It happened. Dell
today announced it has signed a definitive merger agreement in which company founder, Chairman, and CEO Michael Dell
will acquire the company for approximately $24.4 billion. Microsoft
and Silver Lake Management are also involved the transaction, which had been rumored for weeks
"The Dell Board of Directors acting on the recommendation of a special committee of independent directors unanimously approved a merger agreement under which Michael Dell and Silver Lake Partners will acquire Dell and take the company private subject to a number of conditions, including a vote of the unaffiliated stockholders. Mr. Dell recused himself from all Board discussions and from the Board vote regarding the transaction," Dell stated in a press release.
Under terms of the deal, Michael Dell and his investment partners will pay $13.65 per share in cash. The price represents a premium of 25 percent over Dell's closing share price of $10.88 on January 11, 2013, the last trading day before rumors surrounding the deal were first published.
Michael Dell now becomes a majority owner of the company he created, and it will be up to him to turn the ship around and come up with a plan to navigate the mobile waters the PC industry now finds itself afloat in.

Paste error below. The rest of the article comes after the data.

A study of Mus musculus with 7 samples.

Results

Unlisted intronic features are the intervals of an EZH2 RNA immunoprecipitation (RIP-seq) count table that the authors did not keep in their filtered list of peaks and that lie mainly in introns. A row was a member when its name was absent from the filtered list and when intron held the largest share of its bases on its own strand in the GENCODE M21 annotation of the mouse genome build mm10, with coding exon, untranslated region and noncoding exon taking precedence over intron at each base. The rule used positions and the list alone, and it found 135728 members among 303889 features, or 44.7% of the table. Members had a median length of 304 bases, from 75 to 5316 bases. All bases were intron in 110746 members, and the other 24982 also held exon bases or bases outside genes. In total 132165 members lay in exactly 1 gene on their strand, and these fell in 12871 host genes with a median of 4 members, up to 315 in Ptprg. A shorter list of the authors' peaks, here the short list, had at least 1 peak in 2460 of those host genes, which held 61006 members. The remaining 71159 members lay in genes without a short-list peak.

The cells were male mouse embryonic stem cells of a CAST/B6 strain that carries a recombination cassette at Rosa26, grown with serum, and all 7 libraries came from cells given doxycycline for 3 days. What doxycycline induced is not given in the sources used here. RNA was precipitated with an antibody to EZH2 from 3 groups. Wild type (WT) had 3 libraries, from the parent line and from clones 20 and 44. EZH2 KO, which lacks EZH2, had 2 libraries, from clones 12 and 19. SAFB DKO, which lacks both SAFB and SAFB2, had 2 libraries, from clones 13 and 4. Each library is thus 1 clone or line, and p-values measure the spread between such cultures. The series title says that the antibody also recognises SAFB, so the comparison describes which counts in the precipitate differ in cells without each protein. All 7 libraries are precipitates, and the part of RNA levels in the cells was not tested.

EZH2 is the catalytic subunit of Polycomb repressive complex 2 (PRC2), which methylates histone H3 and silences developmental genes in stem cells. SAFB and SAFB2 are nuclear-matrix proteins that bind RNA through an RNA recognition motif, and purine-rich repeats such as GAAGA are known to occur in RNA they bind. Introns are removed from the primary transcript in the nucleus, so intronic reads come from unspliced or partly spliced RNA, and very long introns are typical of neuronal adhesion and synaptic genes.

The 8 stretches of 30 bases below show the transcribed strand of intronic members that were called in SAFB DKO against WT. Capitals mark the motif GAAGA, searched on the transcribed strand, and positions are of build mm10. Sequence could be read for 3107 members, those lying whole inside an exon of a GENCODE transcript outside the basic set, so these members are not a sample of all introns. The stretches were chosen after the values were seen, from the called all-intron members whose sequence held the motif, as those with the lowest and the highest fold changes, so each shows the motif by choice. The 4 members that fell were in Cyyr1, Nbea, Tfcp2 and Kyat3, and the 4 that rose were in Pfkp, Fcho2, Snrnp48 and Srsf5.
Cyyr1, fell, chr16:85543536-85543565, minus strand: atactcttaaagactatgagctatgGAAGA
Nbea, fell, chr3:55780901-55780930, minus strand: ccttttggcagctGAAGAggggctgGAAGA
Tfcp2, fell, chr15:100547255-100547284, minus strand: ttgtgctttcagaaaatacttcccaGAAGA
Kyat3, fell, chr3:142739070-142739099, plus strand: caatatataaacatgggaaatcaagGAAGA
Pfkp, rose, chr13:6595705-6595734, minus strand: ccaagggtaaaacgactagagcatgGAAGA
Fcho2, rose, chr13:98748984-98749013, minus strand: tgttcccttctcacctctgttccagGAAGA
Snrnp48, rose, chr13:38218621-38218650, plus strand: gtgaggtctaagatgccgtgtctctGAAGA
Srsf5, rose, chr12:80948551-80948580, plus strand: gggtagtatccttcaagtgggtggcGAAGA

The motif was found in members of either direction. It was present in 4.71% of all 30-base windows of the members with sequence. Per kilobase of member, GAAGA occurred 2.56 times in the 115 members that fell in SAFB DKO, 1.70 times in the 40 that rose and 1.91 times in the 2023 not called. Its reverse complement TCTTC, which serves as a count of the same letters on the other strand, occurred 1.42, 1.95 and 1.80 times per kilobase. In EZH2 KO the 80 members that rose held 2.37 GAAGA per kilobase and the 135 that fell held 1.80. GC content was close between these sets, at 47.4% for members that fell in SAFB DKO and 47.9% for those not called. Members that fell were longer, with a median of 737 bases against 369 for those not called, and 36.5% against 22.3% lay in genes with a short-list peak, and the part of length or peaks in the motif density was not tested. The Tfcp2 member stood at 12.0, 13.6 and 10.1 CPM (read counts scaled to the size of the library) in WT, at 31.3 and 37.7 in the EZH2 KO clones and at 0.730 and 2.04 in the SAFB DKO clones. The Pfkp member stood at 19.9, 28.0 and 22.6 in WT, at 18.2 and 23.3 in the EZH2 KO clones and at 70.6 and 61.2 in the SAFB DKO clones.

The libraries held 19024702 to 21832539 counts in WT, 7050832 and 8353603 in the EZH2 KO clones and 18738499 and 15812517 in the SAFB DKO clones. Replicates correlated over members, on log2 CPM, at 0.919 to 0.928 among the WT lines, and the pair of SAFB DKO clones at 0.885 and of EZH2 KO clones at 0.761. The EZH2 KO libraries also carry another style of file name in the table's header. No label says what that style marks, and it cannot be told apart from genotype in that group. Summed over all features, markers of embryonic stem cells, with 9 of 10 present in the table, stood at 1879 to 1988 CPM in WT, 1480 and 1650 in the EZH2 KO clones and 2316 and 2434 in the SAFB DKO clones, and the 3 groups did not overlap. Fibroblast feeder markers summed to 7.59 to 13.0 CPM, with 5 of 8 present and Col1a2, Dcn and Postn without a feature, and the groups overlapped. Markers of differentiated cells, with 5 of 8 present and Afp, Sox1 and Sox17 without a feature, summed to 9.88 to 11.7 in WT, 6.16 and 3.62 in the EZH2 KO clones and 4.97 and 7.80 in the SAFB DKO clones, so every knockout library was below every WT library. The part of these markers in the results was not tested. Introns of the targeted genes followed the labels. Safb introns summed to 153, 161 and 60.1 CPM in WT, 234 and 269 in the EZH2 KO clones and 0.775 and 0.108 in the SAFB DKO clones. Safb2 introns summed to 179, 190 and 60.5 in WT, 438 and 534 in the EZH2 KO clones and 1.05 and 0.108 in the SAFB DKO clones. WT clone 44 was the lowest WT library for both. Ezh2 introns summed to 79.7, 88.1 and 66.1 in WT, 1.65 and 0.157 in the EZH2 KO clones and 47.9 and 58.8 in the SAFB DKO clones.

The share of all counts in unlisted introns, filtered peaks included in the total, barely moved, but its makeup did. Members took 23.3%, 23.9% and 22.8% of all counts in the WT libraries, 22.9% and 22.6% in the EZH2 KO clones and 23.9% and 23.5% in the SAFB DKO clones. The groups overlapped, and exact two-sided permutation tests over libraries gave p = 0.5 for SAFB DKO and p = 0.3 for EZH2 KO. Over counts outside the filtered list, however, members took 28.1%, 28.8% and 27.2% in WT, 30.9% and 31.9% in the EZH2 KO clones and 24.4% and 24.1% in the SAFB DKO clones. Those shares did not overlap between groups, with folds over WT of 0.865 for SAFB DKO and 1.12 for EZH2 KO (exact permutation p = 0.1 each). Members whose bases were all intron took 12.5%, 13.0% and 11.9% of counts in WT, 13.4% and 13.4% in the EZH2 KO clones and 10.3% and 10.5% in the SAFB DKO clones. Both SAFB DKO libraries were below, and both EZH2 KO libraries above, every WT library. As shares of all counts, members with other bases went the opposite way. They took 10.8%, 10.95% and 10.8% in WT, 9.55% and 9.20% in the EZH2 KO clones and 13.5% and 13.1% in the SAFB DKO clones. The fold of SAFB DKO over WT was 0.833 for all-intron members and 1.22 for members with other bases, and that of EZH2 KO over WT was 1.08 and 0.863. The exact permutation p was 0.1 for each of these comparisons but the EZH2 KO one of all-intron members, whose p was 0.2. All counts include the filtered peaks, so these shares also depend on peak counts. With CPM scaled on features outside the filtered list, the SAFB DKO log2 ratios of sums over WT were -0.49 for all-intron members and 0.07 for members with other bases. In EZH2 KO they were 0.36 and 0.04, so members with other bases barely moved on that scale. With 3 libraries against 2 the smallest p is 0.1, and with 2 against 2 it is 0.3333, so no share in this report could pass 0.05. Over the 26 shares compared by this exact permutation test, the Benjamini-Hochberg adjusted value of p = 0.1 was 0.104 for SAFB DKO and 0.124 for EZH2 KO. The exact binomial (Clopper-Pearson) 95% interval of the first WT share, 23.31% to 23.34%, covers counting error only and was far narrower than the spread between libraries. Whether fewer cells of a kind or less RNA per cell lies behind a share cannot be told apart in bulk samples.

"I believe this transaction will open an exciting new chapter for Dell, our customers and team members," Michael Dell said in a statement. "We can deliver immediate value to stockholders, while we continue the execution of our long-term strategy and focus on delivering best-in-class solutions to our customers as a private enterprise."
According to market research firm Ovum, one of Michael Dell's immediate priorities will be to figure out a product roadmap, and which products and services should be axed.
"The implication of going private is that Dell is planning radical changes to its strategy and product roadmap. While the company might come out of this transition stronger with a product lineup that better meets the needs of businesses and public sector organizations, there will be uncertainty as to what products and services stay, get strengthen, or get eliminated," said Carter Lusher, chief IT analyst at Ovum.